Friday, August 19, 2011
War / The Lowrider Band
In 1962 a group was formed in Long Beach, California by guitarist Howard E. Scott and drummer Harold Brown called The Creators. Not long after, percussionist Papa Dee Allen, harmonica player Lee Oskar, bassist Morris "B.B. Dckerson, saxophonist Charles Miller and keyboardist Lonnie Jordan became members of this group. After recording several single on Dore Records with Tjay Contrelli, former saxopnonist with the band Love, The Creators changed their name to Night Shift and in 1968 found themselves working as the backup band for Deacon Jones, whose Hall Of Fame career as one of pro football's premier defensive ends somehow qualified him to be a singer. Producer Jerry Goldstein caught one of Deacon Jones' performances at The Rag Doll in North Hollywood and was impressed, needless to say, by the band. Goldstein, along with ex-Animals singer Eric Burdon came up with the concept of War, and making it the band's name, recorded an LP called Eric Burdon Declares War. The collection's best known track "Spill The Wine" became a hit and off they went.
The band toured extensively in the U.S. and Europe with Eric Burdon getting much positive feedback from audiences and the press. Burdon left the band in the middle of their European tour, but not before they released a second LP, The Black Man's Burdon in 1970. After finishing the tour without him, they set to work on their self-titled follow-up album. That one tanked, but the next LP, All Day Music, went to #1. This one included the singles "Slipping Into Darkness", which went gold selling a million copies, and the title track which was also a hit.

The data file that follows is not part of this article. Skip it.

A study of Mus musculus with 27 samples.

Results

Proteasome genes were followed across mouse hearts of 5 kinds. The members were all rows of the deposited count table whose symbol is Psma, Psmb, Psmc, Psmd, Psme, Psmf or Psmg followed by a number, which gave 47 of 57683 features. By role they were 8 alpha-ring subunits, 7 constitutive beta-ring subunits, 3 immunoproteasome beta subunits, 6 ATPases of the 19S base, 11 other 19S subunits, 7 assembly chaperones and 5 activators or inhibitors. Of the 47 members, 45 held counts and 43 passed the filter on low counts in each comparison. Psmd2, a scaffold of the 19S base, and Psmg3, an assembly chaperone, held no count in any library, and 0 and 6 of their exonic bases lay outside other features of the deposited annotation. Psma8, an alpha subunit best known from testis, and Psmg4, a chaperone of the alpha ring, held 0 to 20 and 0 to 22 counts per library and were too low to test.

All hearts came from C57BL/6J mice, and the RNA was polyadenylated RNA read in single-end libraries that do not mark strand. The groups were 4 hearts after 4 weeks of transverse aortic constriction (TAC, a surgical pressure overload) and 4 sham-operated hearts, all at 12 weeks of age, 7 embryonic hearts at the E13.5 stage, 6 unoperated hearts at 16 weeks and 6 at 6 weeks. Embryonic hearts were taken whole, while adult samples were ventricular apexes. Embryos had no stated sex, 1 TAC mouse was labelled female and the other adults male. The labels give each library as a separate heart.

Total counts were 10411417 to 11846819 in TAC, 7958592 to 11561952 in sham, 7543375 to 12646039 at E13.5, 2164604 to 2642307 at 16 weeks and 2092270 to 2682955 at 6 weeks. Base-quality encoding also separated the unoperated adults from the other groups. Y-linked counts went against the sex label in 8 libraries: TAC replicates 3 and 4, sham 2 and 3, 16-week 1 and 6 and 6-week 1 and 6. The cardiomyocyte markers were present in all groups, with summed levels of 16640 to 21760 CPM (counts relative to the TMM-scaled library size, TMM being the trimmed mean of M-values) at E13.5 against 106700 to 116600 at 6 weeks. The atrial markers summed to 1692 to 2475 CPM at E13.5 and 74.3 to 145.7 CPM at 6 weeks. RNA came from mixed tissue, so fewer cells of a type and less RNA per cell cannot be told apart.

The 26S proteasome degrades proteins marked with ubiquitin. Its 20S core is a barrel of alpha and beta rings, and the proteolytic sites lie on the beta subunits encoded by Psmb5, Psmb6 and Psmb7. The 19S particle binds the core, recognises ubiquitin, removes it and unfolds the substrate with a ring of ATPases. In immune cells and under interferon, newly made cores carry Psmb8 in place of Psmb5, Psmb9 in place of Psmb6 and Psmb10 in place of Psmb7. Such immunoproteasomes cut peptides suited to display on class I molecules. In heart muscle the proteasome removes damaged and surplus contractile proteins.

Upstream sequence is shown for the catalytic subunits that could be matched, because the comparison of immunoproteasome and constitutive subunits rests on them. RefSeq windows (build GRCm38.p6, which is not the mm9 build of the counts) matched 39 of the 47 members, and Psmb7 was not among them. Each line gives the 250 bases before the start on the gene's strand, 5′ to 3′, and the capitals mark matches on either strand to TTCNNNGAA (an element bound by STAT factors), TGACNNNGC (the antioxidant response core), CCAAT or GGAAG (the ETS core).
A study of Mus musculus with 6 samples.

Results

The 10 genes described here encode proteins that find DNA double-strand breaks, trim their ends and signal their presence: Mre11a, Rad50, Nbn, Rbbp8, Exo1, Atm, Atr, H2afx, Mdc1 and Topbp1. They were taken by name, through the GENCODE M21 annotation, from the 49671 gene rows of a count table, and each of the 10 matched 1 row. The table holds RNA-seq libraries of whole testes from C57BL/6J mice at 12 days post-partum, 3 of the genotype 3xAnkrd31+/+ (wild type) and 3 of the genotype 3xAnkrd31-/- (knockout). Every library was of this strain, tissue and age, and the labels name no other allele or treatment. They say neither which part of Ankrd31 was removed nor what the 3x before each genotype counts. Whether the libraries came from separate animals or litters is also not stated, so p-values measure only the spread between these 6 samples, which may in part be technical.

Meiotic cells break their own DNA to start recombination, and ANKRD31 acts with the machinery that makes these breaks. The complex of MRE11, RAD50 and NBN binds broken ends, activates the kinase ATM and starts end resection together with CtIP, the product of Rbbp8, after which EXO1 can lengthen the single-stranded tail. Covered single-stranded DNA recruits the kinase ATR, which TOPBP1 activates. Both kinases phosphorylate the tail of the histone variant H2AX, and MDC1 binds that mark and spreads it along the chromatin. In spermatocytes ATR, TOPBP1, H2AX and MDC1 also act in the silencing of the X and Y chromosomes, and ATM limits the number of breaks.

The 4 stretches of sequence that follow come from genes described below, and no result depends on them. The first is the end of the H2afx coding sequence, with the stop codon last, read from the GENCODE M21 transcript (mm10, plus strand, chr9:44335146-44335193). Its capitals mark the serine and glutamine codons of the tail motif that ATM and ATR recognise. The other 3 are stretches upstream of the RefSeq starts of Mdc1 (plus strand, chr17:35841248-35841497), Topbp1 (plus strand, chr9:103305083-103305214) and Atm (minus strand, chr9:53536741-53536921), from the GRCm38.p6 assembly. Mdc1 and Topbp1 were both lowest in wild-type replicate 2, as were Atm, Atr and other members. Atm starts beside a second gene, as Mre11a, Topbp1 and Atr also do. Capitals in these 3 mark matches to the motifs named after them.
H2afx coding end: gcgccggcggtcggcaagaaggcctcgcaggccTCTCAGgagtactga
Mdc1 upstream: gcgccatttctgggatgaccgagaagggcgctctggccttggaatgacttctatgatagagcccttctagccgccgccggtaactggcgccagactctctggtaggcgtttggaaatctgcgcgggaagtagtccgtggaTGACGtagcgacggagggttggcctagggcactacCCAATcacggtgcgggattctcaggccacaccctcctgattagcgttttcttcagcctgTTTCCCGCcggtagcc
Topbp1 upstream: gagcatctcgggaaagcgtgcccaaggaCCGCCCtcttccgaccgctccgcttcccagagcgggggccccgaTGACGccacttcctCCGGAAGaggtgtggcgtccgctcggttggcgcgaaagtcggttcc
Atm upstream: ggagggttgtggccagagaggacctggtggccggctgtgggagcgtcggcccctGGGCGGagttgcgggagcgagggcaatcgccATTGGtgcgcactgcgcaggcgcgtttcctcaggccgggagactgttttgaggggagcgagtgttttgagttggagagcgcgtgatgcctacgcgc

The following album, The World Is A Ghetto did even better. It went to #1 and was the top selling LP of 1973. The single from that collection, "Cisco Kid" shipped gold. Deliver The Word followed up with another pair of hit singles, "Gypsy Man" (#8) and "Me And Baby Brother" (#15) and moved two million units. Why Can't We Be Friends continued the trend with the singles "Low Rider" and the title track becoming two of their most successful releases. The 1967 greatest hits release included a new track, the stunningly beautiful composition "Summer".
After the release of a one-off jazz album for Blue Note Records and the album Galaxy with its hit title track in 1977, saxophonist Charles Miller was replaced by ex-Sly And The Family Stone member Pat Rizzo in 1979. Tragedy struck when Miller was shockingly murdered in 1980. Another great loss was suffered when percussionist Papa Dee Allen died of a heart attack onstage in 1988.
You might have noticed the title of this post mentions The Low Rider Band (pictured top right-hand side). There is a good reason for this. It seems in` 1996 the band desired a change in management. In their attempt to separate from Jerry Goldstein they found themselves unable to retain the name War due to the fact it was a trademark owned by Goldstein and Far Out Productions. Consequently, the band adopted the name The Low Rider Band, which of course was a reference to one of their biggest hits. All except keyboardist Lonnie Jordan who opted to remain with Goldstein and put together a whole new band calling itself War. Given that The Low Rider Band contains all the surviving members of the group that made all of the artistic and commercial achievements of War, while the present band named War contains only Lonnie Jordan and a bunch of other guys, I felt that to write about War required that I reference The Low Rider Band because with Scott, Dickerson, Oskar and Brown as members, The Low Rider Band essentially is War. The present band named War is pretty much just Lonnie Jordan's War tribute band.
The musicians of War, Jordan included, left a huge indelible mark on the landscape of popular music. Thankfully, both bands are currently active.